We talk a lot about engineering biology. But what does that mean exactly? When engineering cars, apartment buildings, or software, we start with a design in mind and a set of precisely defined parts that are assembled to create the final product. But how do you engineer a living organism, even a simple one like E. coli or yeast?
This was the topic of the conversation between Patrick Westfall and Fiona Mischel in a recent interview for the Built With Biology podcast “How Do We Design Biology? Get Ready to Be Surprised!” The guest of the podcast Patrick Westfall, who is currently a Senior Director of Microbe group at Inscripta working on the Onyx® platform, has spent years engineering and scaling-up microbial strains for production of various molecules. Naturally, the host wanted to know how an experienced strain engineer approaches this problem.
Unlike engineering a mechanical system, when we start the process of engineering a strain, we are not trying to re-invent biology, but rather alter it to move in the direction of the phenotype we want to create. This involves making changes based on what we know (the rational approach), but also trying to find new potential solutions. To do this, strain engineers use methods like random mutagenesis or adaptive laboratory evolution (ALE) to introduce changes into the organism’s DNA and see how that affects its performance on a phenotypic level.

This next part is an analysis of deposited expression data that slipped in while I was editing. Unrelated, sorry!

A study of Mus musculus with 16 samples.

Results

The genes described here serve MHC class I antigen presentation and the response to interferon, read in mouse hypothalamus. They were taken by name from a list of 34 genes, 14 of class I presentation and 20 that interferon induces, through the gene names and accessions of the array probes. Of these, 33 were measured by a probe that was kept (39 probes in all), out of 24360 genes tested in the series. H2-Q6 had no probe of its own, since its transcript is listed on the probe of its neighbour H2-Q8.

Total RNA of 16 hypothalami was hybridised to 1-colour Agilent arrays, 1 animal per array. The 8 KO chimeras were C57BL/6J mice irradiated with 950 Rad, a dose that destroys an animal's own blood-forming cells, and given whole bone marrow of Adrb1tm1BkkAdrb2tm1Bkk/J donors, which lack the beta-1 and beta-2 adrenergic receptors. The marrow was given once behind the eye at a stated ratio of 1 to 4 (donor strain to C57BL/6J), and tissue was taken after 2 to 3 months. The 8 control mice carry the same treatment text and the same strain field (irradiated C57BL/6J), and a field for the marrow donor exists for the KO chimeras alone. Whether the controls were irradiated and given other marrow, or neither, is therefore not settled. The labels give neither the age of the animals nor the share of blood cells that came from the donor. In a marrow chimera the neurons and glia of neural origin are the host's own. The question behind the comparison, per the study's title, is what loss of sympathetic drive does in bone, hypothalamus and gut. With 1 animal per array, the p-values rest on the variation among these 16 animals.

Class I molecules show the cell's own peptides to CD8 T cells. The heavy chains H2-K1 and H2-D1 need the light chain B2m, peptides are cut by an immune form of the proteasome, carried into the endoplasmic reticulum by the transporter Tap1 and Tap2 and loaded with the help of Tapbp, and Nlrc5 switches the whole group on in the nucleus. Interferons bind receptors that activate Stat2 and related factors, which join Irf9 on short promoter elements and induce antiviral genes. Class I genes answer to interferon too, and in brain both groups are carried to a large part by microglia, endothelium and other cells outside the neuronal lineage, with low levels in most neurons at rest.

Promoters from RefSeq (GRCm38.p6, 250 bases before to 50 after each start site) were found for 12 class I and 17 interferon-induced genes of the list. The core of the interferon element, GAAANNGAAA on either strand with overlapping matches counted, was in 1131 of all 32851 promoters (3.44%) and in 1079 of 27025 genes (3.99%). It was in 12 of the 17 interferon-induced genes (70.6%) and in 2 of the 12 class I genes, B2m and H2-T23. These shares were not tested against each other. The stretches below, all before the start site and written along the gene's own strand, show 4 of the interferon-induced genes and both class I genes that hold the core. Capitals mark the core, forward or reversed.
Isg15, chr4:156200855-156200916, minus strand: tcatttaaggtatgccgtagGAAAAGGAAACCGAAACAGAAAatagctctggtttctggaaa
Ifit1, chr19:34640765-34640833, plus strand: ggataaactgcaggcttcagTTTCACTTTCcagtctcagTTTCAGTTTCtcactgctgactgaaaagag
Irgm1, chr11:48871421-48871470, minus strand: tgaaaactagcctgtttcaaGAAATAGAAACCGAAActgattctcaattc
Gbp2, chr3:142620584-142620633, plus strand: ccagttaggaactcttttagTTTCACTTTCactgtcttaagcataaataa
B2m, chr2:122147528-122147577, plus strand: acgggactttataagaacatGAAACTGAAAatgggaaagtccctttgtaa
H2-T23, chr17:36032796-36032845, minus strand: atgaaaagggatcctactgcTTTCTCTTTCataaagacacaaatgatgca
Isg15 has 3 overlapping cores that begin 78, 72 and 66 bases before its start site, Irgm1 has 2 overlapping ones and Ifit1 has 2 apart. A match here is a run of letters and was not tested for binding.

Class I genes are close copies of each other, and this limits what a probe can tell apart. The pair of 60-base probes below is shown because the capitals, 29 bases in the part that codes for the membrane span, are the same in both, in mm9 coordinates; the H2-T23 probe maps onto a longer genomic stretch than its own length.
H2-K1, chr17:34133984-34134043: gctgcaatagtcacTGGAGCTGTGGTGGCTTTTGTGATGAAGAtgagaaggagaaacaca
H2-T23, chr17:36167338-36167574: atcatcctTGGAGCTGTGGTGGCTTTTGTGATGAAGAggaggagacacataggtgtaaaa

The question is – how do you decide where to introduce those changes? There are so many variables in biology that finding an optimal solution means sorting through a nearly infinite solution set. “What kind of mindset does it take to find the solutions to problems that have infinite answers?” wondered Mischel.
Westfall had to admit that working with biology is humbling. “For all the things that we know or think we understand, there are a lot of things come out of the left field that we don’t understand.” He gave an example from his previous company where after optimizing a strain through laboratory evolution, employees were asked to guess which mutations were causative. The result of this experiment? Scientists were no better at predicting this than random chance.
“Be open to being surprised,” advised the episode’s guest. “If we’re so focused on solving problems rationally, we’re going to miss opportunities. Looking broadly and being open to the possibility that we don’t know everything allows you to really make progress.”
The podcast is full of strain engineering wisdom and fascinating industry stories, and we encourage you to listen to the whole episode here.